A superhero movie without any hang-ups…

"That’s a Damien Hirst spot painting," says Matthew Vaughn, admiring the scenery on the talk track for his adap of Mark Millar and John Romita Jr’s boundary-pushing comic. Pause. “That’s a kid killing a man with a knife.” Another pause, then oceans of blood: “ And that,” he chuckles, “is beyond words…”

Excess is the defining thrust of Vaughn’s genre-dismantling teen-superhero tear-’em-up. It isn’t alone in deconstructing genre and bringing crowd-pleasing carnage simultaneously: Christopher Nolan’s Batmans and even – cover Alan Moore’s ears – the revered Watchmen did likewise.

But Kick-Ass stands out by having its revisionist cake… and then wolfing down the whole patisserie. Its postmodern, post-moral and gone-postal action-comedy beats do for messed-up superheroes what Zombieland did for the apocalypse: teasing out resonance while bringing giddy glee back to the game.

The opening scenes apply Ghost World-like alt-teen-flick snark and Superbad-ish sauce to Spider-Man 2-style adolescent angst. Peter Parker’s metaphorical squirts of ineffectual wrist-jizz are literalised in the dork-ish Dave Lizewski’s (Aaron Johnson) effusive self-abuse.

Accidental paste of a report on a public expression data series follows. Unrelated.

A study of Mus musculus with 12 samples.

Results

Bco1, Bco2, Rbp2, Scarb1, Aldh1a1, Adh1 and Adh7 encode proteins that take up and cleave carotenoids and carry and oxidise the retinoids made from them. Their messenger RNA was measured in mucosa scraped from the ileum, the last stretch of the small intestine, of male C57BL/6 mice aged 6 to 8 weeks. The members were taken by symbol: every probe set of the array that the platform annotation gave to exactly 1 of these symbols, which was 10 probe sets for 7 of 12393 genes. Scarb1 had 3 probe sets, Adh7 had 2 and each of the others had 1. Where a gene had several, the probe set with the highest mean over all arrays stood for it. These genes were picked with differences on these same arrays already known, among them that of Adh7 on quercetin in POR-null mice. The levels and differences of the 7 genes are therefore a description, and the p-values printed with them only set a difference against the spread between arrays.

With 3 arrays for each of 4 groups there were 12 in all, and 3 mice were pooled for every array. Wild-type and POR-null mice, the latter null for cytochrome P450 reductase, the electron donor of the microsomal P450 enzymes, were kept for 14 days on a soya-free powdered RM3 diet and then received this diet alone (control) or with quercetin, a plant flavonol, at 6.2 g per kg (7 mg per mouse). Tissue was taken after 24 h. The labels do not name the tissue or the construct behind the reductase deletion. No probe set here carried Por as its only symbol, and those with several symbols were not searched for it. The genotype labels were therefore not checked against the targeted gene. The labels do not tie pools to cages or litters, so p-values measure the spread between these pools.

Vaughn and co-writer Jane Goldman keep the semi-realism on track: donning a ski-suit to fight crime, Lizewski is inevitably hospitalised. His reasons for getting back in the suit to secure fame are equally believable: a) the prospect of reaching the wide audience he craves and b) the hope of getting his bone smooched.

All good, teen-savvy, pertinent stuff, spiked with laughs. But it’s crack-pot vigilantes Big Daddy (Nic Cage) and Hit Girl (Chloe Moretz) who add icing. Cage is a deadpan delight, while Moretz is a bad-taste scream, exploding screen-wide like the slash-happy progeny of Kill Bill’s Bride.

Superbad’s Christopher Mintz-Plasse does well to register in an under-used role as Red Mist. But there’s nothing under-powered about the close; the multiple climaxes succumb to goon-slaying temptation but rock like a riot at a moral-minority meeting.

So why the poor box-office opening? Tough to say, but Kick-Ass seems destined for quotable disc endurance, a task its extras haul rises to. Disc two’s Making Of wasn’t available for review but disc one splits space between a terrifically affable Millar/Romita feature and Vaughn’s hungover, hilarious commentary.

Ribbing competitors (“It’s called parody, Marvel”) and duly celebrating Moretz, he also marvels at his film’s sheer audacity. With genre-mocking delirium and ballistics all present and politically incorrect, Kick-Ass takes the cake alright.